The Royal Shakespeare Company has accused the Daily Mail’s Quentin Letts of a “blatantly racist attitude” for suggesting an actor in one of its productions was only cast because he is black.
In a review of The Fantastic Follies of Mrs Rich, Letts said Leo Wringer was “miscast” and went on to criticise the RSC’s “clunking approach to politically correct casting”.
In response, the RSC’s artistic director, Gregory Doran, and its executive director, Catherine Mallyon, said they were “shocked and troubled” by the content of the review.
“He seems to demonstrate a blatantly racist attitude to a member of the cast,” they said in a joint statement. “We are very proud to be working with every member of the company, each of whom has been asked to join us in Stratford because we value and recognise their unique skills and talents.
“Our approach to casting is to seek the most exciting individual for each role and in doing so to create a repertoire of the highest quality. We are proud that this ensures our casts are also representative of the diversity of the United Kingdom, that the audiences which we serve are able to recognise themselves on stage and that our work is made and influenced by the most creative range of voices and approaches.”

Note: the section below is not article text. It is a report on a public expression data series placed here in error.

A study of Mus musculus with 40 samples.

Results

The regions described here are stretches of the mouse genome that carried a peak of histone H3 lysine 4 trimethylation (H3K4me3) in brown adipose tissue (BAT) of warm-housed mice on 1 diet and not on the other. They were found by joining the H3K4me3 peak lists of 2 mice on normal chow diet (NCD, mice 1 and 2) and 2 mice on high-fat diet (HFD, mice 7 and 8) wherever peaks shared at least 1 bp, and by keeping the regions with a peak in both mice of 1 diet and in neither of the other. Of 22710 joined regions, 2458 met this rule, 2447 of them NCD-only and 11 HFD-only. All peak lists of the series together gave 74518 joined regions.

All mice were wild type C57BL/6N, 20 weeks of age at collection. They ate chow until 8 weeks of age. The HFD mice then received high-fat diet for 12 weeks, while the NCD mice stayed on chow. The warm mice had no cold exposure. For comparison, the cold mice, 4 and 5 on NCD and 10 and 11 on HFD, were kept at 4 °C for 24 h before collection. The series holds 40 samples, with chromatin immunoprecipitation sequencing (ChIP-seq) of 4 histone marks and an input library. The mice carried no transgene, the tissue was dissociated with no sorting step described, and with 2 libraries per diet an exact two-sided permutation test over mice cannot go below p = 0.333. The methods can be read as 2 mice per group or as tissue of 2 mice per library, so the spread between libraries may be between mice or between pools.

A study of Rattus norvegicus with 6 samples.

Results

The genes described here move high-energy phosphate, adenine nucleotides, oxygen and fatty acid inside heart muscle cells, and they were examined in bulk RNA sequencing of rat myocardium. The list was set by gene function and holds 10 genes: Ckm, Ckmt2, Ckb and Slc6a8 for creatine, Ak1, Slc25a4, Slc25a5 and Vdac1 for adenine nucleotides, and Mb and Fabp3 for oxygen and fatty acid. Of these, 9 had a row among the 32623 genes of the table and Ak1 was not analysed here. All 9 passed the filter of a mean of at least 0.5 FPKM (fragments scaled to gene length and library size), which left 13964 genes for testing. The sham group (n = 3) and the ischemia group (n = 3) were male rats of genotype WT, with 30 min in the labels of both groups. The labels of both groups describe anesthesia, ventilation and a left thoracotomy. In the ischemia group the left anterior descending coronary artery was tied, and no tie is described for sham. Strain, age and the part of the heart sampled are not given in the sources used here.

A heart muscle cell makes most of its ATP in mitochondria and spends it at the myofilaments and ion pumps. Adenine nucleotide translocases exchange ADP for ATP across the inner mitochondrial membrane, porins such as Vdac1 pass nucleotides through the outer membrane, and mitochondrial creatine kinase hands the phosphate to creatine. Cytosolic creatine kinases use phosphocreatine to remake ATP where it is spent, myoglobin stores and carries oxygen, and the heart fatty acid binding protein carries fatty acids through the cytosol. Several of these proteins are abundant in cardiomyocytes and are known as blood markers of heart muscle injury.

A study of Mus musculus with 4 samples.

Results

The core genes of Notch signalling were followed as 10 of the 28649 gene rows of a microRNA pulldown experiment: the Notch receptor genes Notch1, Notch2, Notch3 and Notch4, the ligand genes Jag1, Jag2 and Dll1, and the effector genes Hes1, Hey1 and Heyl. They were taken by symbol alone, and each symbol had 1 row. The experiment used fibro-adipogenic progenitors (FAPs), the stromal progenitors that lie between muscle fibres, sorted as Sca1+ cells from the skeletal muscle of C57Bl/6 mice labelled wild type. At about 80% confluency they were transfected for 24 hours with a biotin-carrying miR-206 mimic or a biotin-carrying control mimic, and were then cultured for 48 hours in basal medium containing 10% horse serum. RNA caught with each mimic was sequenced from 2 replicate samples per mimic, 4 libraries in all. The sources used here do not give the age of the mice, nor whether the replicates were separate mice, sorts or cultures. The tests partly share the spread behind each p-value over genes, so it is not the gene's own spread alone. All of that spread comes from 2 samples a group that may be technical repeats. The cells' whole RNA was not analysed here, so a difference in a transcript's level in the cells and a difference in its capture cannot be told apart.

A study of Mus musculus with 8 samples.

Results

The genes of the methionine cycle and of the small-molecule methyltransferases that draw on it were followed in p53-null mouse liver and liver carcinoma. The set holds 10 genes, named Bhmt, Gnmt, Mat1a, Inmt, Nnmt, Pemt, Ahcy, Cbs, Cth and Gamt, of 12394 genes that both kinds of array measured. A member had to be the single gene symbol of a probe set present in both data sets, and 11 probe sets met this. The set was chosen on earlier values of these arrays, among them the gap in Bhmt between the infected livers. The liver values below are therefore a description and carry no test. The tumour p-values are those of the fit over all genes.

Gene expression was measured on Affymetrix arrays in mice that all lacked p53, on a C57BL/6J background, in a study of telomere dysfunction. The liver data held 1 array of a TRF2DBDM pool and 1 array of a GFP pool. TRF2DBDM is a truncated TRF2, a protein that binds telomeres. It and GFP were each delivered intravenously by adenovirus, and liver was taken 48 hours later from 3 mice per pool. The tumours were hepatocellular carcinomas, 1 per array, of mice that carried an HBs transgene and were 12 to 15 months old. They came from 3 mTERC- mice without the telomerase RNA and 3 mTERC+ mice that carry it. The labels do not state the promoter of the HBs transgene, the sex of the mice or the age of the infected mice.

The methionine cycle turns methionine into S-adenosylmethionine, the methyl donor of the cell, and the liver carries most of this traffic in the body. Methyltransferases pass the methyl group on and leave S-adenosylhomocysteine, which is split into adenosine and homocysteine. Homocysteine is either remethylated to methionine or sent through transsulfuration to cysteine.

They condemned Letts for his “ugly and prejudiced commentary”.
Wringer is an experienced actor with a lengthy Shakespearean résumé, including A Midsummer Night’s Dream, King Lear and Romeo and Juliet. Among his other stage credits are Blackta, a satire whose title refers to the slang for a black actor often cast as the token non-white character in a TV drama. He is a familiar face on television, appearing in the likes of Canterbury Tales, Silent Witness and Law & Order, and he has also appeared on the big screen.
In Friday’s review, Letts wrote of Wringer’s performance as a nobleman: “There is no way he is a honking Hooray of the sort that has infested the muddier reaches of England’s shires for centuries. He is too cool, too mature, not chinless or daft or funny enough.
“Was Mr Wringer cast because he is black? If so, the RSC’s clunking approach to politically correct casting has again weakened its stage product.
“I suppose its managers are under pressure from the Arts Council to tick inclusiveness boxes, but at some point they are going to have to decide if their core business is drama or social engineering.”
Among others who leapt to Wringer’s defence was the director and actor Samuel West, who described him as “a great actor with plenty of classical experience”.